A court reporter may seem like an...

A court reporter may seem like an afterthought in the workings of a courtroom to someone who is not part of the legal system.  They sit unobtrusively at the front of the courtroom and quietly type into their machines while things go on around them.  To someone familiar with the legal process, though, the court reporter is just as much an essential part of the proceedings as the judge, attorneys, and witnesses.  In fact, in most cases it is illegal to proceed in court without a court reporter present.  The Court Reporter Statute designates which proceedings must be recorded in federal court, while civil proceedings and other courtroom proceedings are designated on a local level.  While in some instances the judge is given the choice of court reporter or recording device, frequently a certified court reporter is mandated because of the importance of having an accurate transcript of the case.

The Transcript

In order to capture a verbatim record of everything that goes on during court, the court reporter receives special training in law, courtroom proceedings, legal terminology, and medical terminology, among other subjects, and also must become proficient at using a stenotype machine to record speech at a minimum of 225 words per minute.  This record is then translated into a written transcript that becomes part of the official record of the case filed with the court clerk.  The transcript may be referred to within the court for the duration of the case, and attorneys involved in the case may request copies to review proceedings, as well.

Transcripts become even more important if a case is appealed.  The right to appeal is a central aspect of the United States justice system, and for that, an accurate record of previous court proceedings is necessary.  Appellants may choose to include the transcript or a part of the transcript in their request for an appeal, and judges frequently use the transcript when making their decision whether or not to grant the appeal.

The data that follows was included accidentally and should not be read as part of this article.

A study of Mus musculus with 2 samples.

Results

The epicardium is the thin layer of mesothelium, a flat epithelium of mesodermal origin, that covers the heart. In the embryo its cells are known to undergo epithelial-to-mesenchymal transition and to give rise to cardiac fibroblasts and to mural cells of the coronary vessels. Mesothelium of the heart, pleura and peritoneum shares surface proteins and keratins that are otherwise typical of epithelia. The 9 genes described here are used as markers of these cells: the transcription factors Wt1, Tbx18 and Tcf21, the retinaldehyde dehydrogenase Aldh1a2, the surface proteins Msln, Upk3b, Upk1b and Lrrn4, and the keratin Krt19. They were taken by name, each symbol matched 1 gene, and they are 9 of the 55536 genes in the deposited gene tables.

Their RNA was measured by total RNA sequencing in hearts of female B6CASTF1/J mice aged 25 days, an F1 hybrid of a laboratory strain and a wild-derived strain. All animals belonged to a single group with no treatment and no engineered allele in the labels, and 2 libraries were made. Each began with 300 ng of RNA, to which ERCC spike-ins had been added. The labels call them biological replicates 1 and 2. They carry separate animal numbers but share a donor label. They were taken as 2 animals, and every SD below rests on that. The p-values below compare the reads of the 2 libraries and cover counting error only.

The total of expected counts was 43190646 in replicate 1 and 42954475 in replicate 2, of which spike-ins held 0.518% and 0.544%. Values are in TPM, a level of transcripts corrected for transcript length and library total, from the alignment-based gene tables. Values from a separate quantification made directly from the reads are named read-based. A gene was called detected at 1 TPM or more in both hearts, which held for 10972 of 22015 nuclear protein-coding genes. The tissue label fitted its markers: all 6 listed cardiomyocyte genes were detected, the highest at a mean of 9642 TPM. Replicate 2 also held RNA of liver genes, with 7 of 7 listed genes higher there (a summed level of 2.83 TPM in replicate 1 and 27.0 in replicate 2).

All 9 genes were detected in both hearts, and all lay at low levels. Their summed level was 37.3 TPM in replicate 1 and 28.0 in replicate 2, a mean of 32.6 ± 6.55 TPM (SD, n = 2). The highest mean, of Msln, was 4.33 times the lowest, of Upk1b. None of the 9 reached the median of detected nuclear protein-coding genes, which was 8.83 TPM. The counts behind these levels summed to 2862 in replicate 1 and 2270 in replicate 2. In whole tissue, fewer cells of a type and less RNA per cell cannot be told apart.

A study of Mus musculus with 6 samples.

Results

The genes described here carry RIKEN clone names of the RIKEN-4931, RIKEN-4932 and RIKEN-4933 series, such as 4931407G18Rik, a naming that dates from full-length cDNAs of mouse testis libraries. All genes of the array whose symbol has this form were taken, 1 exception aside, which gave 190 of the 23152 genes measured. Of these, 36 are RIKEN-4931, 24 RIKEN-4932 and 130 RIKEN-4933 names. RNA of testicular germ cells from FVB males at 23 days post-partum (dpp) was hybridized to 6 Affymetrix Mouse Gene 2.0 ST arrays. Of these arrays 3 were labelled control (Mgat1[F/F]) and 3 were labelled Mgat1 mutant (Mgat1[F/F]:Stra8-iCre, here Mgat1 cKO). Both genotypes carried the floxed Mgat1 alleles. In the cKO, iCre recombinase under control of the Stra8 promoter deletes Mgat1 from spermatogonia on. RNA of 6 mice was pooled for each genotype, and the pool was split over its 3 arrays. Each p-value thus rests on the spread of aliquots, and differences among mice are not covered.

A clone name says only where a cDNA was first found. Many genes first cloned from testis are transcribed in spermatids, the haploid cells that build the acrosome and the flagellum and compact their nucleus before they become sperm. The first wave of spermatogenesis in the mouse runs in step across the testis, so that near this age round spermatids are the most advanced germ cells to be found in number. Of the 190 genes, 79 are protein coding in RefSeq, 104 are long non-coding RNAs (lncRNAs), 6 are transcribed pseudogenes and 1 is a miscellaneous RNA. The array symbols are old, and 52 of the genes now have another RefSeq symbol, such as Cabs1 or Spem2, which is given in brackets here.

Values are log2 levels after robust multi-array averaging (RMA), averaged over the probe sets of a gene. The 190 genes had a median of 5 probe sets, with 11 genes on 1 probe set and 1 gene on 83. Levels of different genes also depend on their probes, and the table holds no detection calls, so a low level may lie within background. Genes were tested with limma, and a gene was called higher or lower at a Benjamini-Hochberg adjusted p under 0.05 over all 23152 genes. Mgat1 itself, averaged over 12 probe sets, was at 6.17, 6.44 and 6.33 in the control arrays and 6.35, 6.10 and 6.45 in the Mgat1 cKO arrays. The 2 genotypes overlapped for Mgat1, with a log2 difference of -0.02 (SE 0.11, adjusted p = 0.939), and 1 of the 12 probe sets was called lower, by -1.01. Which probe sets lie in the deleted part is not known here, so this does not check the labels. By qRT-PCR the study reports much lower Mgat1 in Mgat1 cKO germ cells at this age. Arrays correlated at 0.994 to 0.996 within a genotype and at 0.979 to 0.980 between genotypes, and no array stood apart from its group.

Presence in the Courtroom

It is not just the production of the transcript that makes court reporters such a valuable part of the legal proceedings.  One of their purposes resides in the awareness created by their presence.  Whenever a reporter is at a deposition or a court case, everyone becomes more conscious of the fact that every word spoken becomes official evidence that may be reviewed as needed.

In spite of their silent roles in the courtrooms of legal thrillers in movies, court reporters are professionals who generally must take an active role in depositions and in court.  Court reporters control the accuracy of the record, and so they may speak up frequently in order to have someone repeat themselves if a word is missed, reminding witnesses to use verbal responses rather than gestures, and making sure only one attorney speaks at a time.  They may also be asked to read back some of what has been recorded, or to note emphasis placed on a word or phrase.

The Cost of Technology

In some courtrooms, attempts have been made to replace court reporters with audio and video equipment in an effort to cut costs and trim budgets.  Unfortunately, these have failed on several levels.

  • When audio has been used, people in the courtroom have not always spoken loudly enough or clearly, there is frequently background noise or papers shuffling near microphones, and microphones malfunction or are not turned on, rendering much of the testimony inaudible.
  • A written transcript of the proceedings must still be provided.  Transcribing from audio uses much more time than a court reporter requires to transcribe stenotyped notes, produces a much less accurate outcome, and costs significantly more.  Unfortunately, many courts have found that even when freelance transcriptionists are able to discern what has been said, the expense of paying the contracts has been more than the cost of retaining a full time court reporter.
  • In addition to the inadequacy of audio systems to achieve satisfactory results, the initial expenses to put the systems in place are rarely within the perceived budgets, and upgrades drive costs up even further.

The Bottom Line

Rather than replacing court reporters, as many have predicted, technology’s best attempt has so far only been to inadvertently obstruct justice and to waste money rather than save it.  Meanwhile, demand for professional court reporters is predicted to rise by around ten percent over the next decade.  It appears that a court reporter’s place in the courtroom is nearly as secure and as vital to our justice system as that of the judges and the attorneys.